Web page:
A new alternative on the way?
The alternative minimum tax — or AMT, more popularly — has been in the news of late, and while most Americans have heard of it, not many can tell you exactly what the tax is or how it's computed.
Generally, mention of the AMT will create a sense of unease and a glazed look in the eyes.
In 1979, the AMT was enacted and operated alongside the add-on minimum tax. The main aspects of the add-on minimum tax were transitioned to the AMT and in 1983, the add-on minimum tax was repealed.
Currently, there is both an individual AMT and a corporate AMT, and both work the same way: apply a lower tax rate to an expanded tax base. Items that are given preferential tax treatment for regular tax purposes are not allowed for AMT purposes, thereby increasing the overall amount of income subject to taxation. The increased income is taxed at a lower tax rate, and only when AMT is higher than regular tax, will the taxpayer be subject to AMT.
The original AMT affected less than 1 million taxpayers until 2001, when legislation reduced regular tax rates, but left AMT rates unchanged. The spread between the rates was close and it didn't take much in the way of preferential deductions before an individual was in AMT territory.
Individuals have always had an AMT exemption, but the amount was low and not indexed to inflation. The exemption amount was initially set at $30,000 for a single taxpayer and $40,000 for married people filing jointly. This exemption amount was static until 1992 when Congress started making incremental increases. The 2017 individual AMT exemption amount is $54,300 for single filers and $84,500 for joint filers, and the exemption amounts are now indexed for inflation.
As with most tax law, attempts to correct the law have created complexity. The individual AMT rate has two components: the first $187,800 of income above the exemption is taxed at 26% and income above that is taxed at 28%. The exemption also phases out at $129,700 for singles and heads of household, $160,900 for married filing jointly, and $80,450 for married filing separately.
For individuals, the most common tax preferences are:
• Deduction for state and local taxes
• Personal exemptions
• Miscellaneous business expenses
• Standard deduction
For example, John and Jane Doe are New York residents with three dependent children. In 2016, they have $200,000 in salary, $10,350 in state income taxes, $16,000 in real estate taxes, $13,000 of home mortgage interest, and $20,250 of personal exemptions. Regular taxable income is $140,400 and tax on this is $26,643. Of their deductions, state income tax, real estate tax and personal exemptions are tax preference items. These amounts are added back to taxable income for the AMT taxable income. In our situation, AMT taxable income is $187,000 (gross salary less home mortgage interest expense).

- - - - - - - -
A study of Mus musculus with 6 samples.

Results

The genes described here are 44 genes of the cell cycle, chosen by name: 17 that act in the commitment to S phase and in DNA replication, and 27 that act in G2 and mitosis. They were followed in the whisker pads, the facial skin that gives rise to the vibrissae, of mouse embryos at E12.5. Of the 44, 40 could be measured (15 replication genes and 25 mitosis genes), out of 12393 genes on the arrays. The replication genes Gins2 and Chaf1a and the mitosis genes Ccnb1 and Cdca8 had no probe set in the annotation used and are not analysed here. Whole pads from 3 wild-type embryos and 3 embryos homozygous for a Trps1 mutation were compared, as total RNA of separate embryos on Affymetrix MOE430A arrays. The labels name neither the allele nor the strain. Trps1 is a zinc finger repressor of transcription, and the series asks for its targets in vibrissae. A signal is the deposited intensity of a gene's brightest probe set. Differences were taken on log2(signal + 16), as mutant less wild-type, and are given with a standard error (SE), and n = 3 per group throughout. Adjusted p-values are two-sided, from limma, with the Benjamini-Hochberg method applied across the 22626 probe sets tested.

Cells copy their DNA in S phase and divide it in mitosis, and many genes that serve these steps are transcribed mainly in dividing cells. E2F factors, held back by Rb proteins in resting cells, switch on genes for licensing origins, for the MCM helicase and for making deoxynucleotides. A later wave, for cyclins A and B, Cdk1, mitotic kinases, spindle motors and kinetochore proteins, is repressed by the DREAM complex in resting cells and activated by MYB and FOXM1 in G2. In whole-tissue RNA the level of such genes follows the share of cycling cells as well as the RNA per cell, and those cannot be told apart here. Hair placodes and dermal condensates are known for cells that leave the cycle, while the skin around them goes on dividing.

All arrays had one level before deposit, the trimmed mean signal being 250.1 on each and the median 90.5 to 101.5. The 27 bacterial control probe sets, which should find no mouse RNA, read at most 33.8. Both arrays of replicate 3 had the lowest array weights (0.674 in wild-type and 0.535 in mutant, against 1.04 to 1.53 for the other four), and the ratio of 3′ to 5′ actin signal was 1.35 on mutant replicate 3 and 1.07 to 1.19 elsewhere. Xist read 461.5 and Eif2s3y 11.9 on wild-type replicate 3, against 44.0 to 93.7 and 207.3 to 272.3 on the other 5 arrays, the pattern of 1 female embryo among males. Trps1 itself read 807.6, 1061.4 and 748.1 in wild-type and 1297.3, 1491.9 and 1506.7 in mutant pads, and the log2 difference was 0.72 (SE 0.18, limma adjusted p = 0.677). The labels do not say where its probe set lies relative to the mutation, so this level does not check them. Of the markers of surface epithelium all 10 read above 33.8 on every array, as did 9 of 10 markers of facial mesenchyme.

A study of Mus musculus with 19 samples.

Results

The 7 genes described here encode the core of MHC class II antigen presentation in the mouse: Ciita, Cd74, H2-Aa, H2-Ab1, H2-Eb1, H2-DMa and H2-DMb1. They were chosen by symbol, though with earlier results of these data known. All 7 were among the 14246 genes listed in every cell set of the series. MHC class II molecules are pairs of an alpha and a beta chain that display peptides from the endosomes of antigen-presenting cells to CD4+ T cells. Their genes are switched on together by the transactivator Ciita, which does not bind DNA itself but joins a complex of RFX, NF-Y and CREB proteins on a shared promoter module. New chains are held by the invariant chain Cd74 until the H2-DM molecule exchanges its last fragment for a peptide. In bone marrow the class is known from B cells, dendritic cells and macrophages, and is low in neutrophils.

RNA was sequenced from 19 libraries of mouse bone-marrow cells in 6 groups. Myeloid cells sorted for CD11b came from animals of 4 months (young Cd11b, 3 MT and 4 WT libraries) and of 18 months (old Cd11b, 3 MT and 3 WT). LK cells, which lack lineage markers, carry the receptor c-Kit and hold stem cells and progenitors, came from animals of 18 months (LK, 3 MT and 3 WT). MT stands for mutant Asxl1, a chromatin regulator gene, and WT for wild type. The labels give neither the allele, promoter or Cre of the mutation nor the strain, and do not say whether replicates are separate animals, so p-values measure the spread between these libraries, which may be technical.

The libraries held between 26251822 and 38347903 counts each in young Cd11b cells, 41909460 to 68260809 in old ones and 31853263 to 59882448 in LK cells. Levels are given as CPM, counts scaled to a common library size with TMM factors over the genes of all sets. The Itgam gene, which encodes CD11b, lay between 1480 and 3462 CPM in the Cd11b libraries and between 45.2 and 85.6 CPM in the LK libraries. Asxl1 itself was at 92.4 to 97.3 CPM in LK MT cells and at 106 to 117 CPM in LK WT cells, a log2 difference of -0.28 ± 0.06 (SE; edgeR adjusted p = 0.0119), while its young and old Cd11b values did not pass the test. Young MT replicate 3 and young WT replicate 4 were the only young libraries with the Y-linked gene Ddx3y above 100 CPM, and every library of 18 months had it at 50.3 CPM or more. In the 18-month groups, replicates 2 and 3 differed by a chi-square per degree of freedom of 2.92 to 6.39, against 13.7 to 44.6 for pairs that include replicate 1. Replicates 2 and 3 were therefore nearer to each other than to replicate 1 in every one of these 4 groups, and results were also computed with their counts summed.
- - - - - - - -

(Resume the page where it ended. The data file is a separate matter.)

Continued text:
The AMT exemption for married filing joint in 2016 was $83,800 but would start to phase-out at an AMT income above $159,700. Because our AMT income is $187,000, the exemption would be reduced by 25% of the amount in excess of $159,700, or $6,825, giving rise to an exemption amount of $76,975. Income subject to AMT is $110,025 ($187,000 - $76,975), taxed at the AMT rate of 26%, giving the taxpayers $28,607 of AMT. The taxpayers will owe $28,607 of AMT instead of $26,643 of regular tax.
This should be a simple tax return — a W-2 with home mortgage interest and taxes, but the tax computation is far from simple. The taxpayer does not own tax shelters, is not taking exotic deductions, yet AMT is due on the return.
Businesses are also subject to AMT. If the business is a flow-through entity, such as an S corporation or a partnership, the tax preferences will be passed-through to the owners of the business. The main tax preference item for businesses is depreciation. AMT requires capital costs to be recovered over a longer life than regular tax, and the difference is a tax preference item.
AMT is on the chopping block for tax reform and we will need to wait to see if it will go away.
Pam Schuneman, C.P.A., is a practicing tax accountant in Sarasota. She has 33 years of experience helping her clients navigate the vast federal tax system and has worked with businesses as varied as Fortune 500 companies to small sole-proprietors. Contact her at email@example.com.